An IPE Report


According to the National Household Survey (ENAHO), household income in Peru decreased by more than 30% between 2019 and 2020. This situation had considerable effect on the saving capacity of Peruvians. While in 2019 an average family saved S/636 per month (21% of income), in 2020 this amount was reduced to only S/104 (5% of income).


Savings depletion in poor households


The reduction in household savings capacity occurred mainly in urban areas, where the savings rate fell from 20.5% of family income in 2019 to only 2.4% in 2020. In contrast, in rural areas, it fell from 28.4% to 23.2%. In general, the most affected area was Metropolitan Lima, where savings fell from 20.7% in 2019 to 0.4% in 2020. This reduction is consistent with the sharp drop in urban employment (-16.4%), well above that observed in rural areas (-1.1%).


Likewise, when ordering the country’s households into income quintiles – five groups of equal size that each represent 20% of households – it is estimated that those that are located in the first three quintiles had a monetary expenditure greater than the income received in 2020.


For example, households in the first quintile – the poorest 20% – spent almost double their income during 2020, while in 2019 this difference was only 6%. In the case of households in the second quintile, they went from saving 5% of their income in 2019 to spending 33% more than their income in the last year. The increase in spending led to households in this quintile losing more than twice the level of savings they had accumulated in the previous five years. On the contrary, the savings of the richest 20% of households was the least affected, reducing from 32% to 26%. With this, since 2015, it is estimated that the households with the highest incomes have saved, on average, just over 30% of their income each year.


Government support


The drop in savings could have been even greater without the transfers granted by the State during the pandemic. Extraordinary subsidies such as the Universal Bond, the Independent Bond and the Rural Bonus covered, on average, 3.8% of household expenses in 2020. In addition, transfers from social programs like Juntos, Pensión 65 and Beca 18 contributed 2 % of expenses.


This support was of greater importance for lower-income households. In the first income quintile, extraordinary bonds represented 6.2% of household spending, while transfers from social programs were 3.8% of spending. The weight of subsidies as a percentage of spending decreases as family income increases.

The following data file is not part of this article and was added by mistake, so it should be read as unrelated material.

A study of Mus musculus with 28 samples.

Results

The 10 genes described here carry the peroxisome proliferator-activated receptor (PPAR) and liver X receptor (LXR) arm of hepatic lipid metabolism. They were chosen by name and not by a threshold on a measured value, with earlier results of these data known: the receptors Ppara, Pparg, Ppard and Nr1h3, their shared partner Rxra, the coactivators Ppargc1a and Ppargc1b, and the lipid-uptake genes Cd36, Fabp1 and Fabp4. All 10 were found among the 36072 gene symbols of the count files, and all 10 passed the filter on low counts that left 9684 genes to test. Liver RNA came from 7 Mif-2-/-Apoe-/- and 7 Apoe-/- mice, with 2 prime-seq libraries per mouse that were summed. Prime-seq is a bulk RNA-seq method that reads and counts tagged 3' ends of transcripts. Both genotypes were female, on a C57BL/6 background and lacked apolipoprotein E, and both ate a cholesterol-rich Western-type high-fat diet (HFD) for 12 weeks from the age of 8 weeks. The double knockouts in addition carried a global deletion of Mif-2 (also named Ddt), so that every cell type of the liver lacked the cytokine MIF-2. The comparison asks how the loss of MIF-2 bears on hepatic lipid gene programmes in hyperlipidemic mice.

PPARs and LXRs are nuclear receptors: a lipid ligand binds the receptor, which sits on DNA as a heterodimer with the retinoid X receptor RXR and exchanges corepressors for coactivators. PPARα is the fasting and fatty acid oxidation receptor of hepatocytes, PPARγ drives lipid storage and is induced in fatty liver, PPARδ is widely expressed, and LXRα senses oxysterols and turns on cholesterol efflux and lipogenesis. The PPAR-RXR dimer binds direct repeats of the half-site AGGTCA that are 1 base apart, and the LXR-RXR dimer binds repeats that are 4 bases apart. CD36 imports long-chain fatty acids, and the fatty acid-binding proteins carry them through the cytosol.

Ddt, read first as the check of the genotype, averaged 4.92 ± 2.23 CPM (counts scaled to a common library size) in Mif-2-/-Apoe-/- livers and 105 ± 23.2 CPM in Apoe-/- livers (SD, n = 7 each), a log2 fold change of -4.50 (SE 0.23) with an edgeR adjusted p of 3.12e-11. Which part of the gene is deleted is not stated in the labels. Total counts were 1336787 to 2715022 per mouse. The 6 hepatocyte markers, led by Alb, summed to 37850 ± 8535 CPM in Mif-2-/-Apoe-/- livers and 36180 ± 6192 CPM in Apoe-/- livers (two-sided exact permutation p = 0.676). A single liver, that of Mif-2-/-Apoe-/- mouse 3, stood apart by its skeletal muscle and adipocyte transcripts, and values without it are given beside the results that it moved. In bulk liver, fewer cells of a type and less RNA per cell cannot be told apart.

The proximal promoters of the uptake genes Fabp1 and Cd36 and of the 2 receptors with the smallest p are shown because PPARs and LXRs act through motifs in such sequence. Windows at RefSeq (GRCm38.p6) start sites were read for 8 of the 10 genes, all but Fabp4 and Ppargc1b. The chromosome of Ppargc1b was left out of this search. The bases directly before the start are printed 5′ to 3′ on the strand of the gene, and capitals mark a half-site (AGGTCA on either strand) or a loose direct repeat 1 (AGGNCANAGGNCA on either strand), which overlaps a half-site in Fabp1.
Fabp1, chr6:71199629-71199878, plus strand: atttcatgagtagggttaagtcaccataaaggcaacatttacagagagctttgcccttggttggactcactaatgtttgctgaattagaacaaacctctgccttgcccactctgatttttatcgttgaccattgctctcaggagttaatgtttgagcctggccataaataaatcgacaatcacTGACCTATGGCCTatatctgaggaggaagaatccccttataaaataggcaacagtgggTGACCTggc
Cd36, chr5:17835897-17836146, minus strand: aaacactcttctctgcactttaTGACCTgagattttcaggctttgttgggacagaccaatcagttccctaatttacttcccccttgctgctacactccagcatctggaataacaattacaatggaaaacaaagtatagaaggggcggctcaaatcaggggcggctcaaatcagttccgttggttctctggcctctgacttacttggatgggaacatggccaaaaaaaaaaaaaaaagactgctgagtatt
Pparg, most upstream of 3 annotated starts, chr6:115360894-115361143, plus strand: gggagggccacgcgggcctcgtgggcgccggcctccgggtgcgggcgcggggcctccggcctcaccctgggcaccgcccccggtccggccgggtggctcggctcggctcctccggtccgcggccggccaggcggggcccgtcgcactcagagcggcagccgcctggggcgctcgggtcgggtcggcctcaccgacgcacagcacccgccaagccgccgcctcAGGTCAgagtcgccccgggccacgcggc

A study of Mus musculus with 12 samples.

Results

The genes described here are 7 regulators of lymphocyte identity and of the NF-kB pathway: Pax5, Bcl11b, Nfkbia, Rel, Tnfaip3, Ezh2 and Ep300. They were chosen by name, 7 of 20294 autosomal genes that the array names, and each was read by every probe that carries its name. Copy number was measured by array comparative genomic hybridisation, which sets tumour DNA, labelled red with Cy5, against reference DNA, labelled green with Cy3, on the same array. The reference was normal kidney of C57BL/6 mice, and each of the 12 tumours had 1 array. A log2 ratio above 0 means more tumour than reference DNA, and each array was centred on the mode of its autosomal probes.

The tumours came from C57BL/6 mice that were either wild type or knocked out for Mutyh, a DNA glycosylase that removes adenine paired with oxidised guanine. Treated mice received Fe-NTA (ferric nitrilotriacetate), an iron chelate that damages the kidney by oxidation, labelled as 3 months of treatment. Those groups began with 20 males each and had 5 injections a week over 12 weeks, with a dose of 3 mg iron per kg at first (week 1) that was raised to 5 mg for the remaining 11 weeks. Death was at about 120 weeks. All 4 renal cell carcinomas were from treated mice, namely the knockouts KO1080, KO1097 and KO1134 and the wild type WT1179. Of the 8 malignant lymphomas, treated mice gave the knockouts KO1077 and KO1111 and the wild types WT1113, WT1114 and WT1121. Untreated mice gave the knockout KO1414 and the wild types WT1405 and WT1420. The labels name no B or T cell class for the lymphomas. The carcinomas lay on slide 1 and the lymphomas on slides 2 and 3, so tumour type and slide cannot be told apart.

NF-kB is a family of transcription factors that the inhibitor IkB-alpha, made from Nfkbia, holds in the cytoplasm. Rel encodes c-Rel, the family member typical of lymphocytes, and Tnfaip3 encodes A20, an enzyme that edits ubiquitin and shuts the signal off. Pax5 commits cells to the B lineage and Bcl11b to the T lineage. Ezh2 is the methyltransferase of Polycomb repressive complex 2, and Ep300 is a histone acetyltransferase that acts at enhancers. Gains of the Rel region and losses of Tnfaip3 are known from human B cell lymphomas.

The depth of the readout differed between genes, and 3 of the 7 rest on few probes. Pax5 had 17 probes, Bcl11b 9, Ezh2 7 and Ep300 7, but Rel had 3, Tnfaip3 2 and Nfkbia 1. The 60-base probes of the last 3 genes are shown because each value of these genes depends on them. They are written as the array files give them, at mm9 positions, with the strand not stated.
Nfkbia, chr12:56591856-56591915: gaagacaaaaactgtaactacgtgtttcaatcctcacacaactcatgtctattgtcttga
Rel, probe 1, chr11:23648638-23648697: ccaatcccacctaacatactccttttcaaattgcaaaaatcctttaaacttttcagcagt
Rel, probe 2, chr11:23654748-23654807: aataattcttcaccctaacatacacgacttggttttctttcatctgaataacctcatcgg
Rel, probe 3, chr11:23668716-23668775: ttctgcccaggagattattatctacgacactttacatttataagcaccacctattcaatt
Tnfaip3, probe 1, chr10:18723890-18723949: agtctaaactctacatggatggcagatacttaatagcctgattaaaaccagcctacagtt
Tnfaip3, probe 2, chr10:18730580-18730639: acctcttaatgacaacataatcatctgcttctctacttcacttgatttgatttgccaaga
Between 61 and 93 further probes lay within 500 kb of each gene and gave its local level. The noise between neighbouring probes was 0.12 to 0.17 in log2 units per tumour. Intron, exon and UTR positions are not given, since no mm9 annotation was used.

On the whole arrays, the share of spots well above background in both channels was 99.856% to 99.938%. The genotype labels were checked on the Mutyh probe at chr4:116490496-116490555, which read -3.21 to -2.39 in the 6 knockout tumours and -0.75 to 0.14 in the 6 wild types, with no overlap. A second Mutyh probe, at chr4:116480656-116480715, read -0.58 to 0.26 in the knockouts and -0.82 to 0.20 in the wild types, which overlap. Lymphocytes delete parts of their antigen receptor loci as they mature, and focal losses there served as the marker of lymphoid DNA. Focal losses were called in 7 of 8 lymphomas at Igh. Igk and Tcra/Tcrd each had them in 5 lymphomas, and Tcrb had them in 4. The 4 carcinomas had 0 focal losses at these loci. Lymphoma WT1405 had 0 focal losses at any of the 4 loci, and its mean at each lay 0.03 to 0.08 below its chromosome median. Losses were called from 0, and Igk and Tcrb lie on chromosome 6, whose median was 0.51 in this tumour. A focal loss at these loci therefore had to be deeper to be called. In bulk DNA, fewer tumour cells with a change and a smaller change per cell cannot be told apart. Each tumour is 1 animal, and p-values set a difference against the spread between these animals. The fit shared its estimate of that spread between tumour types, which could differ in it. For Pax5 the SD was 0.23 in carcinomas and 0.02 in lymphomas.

Greater vulnerability


The estimated figures suggest a high financial vulnerability for Peruvian households, which, according to BBVA Research, can be defined as the ability to withstand financial shocks depending solely on their own resources, without resorting to credit or changing homes. The 2019 Financial Capabilities Survey conducted by the Superintendency of Banking, Insurance and AFP (SBS) shows that, before the pandemic, about 60% of Peruvian households mentioned not having sufficient resources to survive for more than three months if they lost their main source of income.


Due to the loss of savings mentioned above, the lower-income population would be more financially unprotected in the face of an eventual third wave than it was before 2020. Faced with this situation, the next government would need to take additional measures to support the most vulnerable households. But solving this problem exclusively via bonds would be expensive. For example, last year, the total of households in the poorest quintile spent S/9.7 billion above their income. Alleviating this overspending with direct subsidies would require a cost equivalent to 70% of the public budget of the social protection sector in 2020.


In this regard, Miguel Jaramillo, principal investigator at GRADE, mentions that other complementary measures could be taken to the delivery of transfers. For example, the government could strengthen food security and health programs for the poorest households, with the goal of maintaining basic consumption standards. Finally, according to Jaramillo, although in the short term the labor market can be boosted with temporary employment programs oriented towards small public works projects, in the medium term the most important thing is the promotion of private investment to generate jobs with sustainable and productive work.


The Peruvian Institute of Economics (IPE) is a private non-profit institution whose purpose is to promote the balanced and sustained development of Peru through the improvement of the market economy.